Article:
Kim Jong-nam 'paranoid' during life in exile, says old school friend

The North Korean leader's half-brother was 'afraid' and 'worried', says Anthony Sahakian

Caroline Mortimer
Tuesday 21 February 2017 11:46 GMT
Kim Jong-nam has been in exile for more than a decade
Kim Jong-nam has been in exile for more than a decade (Getty)

The estranged, exiled half-brother of North Korean dictator Kim Jong-un was "paranoid" before his death, a close friend has claimed.

Kim Jong-nam was "afraid" and "worried", according Anthony Sahakian, who said the 46-year-old had feared he would be seen as leadership threat following the death of their father, Kim Jong Il, in 2011.

Mr Sahakian, who attended a prestigious international school in the Swiss city of Geneva, said that his friend had feared that his brother would order his assassination, or someone would try to kill him in a bid to impress the North Korean leader.

“He was afraid," Mr Sahakian told The Guardian. "It wasn’t an all-encompassing fear but he was paranoid. He was a politically important person. He was worried. Of course he was worried."

He added that Mr Kim, who he knew as Lee, had wanted reform and to open the country up to outsiders but did not have the “character of the will” to jostle for the leadership.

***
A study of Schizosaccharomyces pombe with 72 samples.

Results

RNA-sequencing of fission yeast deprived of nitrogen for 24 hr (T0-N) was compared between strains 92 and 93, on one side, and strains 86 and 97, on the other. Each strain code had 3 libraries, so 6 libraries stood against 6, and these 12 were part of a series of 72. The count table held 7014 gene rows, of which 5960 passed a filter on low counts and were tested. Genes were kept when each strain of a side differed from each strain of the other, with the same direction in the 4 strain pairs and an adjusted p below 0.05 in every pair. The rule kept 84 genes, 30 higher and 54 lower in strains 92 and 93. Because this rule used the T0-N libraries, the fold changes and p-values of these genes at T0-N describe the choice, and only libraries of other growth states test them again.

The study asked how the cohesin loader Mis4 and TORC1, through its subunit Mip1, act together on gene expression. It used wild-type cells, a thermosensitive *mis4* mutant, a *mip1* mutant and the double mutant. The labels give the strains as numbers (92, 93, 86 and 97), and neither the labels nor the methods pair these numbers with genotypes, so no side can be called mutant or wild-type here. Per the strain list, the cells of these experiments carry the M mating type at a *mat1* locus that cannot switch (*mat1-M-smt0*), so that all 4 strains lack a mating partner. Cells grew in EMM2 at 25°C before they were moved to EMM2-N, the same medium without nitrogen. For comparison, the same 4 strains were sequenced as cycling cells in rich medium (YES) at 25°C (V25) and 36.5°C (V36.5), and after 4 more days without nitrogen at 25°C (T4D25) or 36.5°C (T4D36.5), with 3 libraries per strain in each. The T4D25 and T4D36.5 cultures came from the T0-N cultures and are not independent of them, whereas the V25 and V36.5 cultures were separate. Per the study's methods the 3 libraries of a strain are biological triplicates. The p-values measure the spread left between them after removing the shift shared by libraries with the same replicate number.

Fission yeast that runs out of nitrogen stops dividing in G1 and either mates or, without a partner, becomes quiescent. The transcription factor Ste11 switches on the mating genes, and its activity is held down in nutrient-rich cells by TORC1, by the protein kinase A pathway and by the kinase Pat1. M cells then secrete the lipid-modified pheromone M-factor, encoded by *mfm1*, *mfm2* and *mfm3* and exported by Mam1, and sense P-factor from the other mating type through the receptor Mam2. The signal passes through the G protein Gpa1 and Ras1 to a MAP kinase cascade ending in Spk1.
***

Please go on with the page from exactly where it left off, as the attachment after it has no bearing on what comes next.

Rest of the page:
His friend died at Kuala Lumpur International Airport last week when he was allegedly poisoned by two female assassins who wiped a liquid on his face.

Malaysian police have arrested a North Korean man, a Vietnamese woman and an Indonesian woman have been arrested already in connection with his death. Four North Korean suspects also fled the country, investigators said.

One of the female suspect has reportedly told investigators that she had been told she was taking part in a TV prank show and had not been aware the liquid was poison.

Mr Sahakian said his friend would talk about how the regime was run by a “gerontocracy” of old Stalinist generals who wanted to keep the country under their repressive rule.

He added that Mr Kim had a European sensibility having been educated in the West since he was 12,

“He wanted out. He never had any ambitions to rule the country. He didn’t accept or appreciate what was going on there. He kept relations with the regime at arm’s length,” he said.

Although Kim Jong Nam would insist he never formally defected from the regime he had been living in exile for more than a decade before his death.

His death came after a string of executions among the top tier of the North Korean elite.

After coming to power, Kim Jong-un has executed or purged several high ranking officials and generals including his own uncle Jang Song Thaek.

Mr Jang was once considered the power behind the throne but was denounced as “despicable human scum” by his nephew and executed in 2013.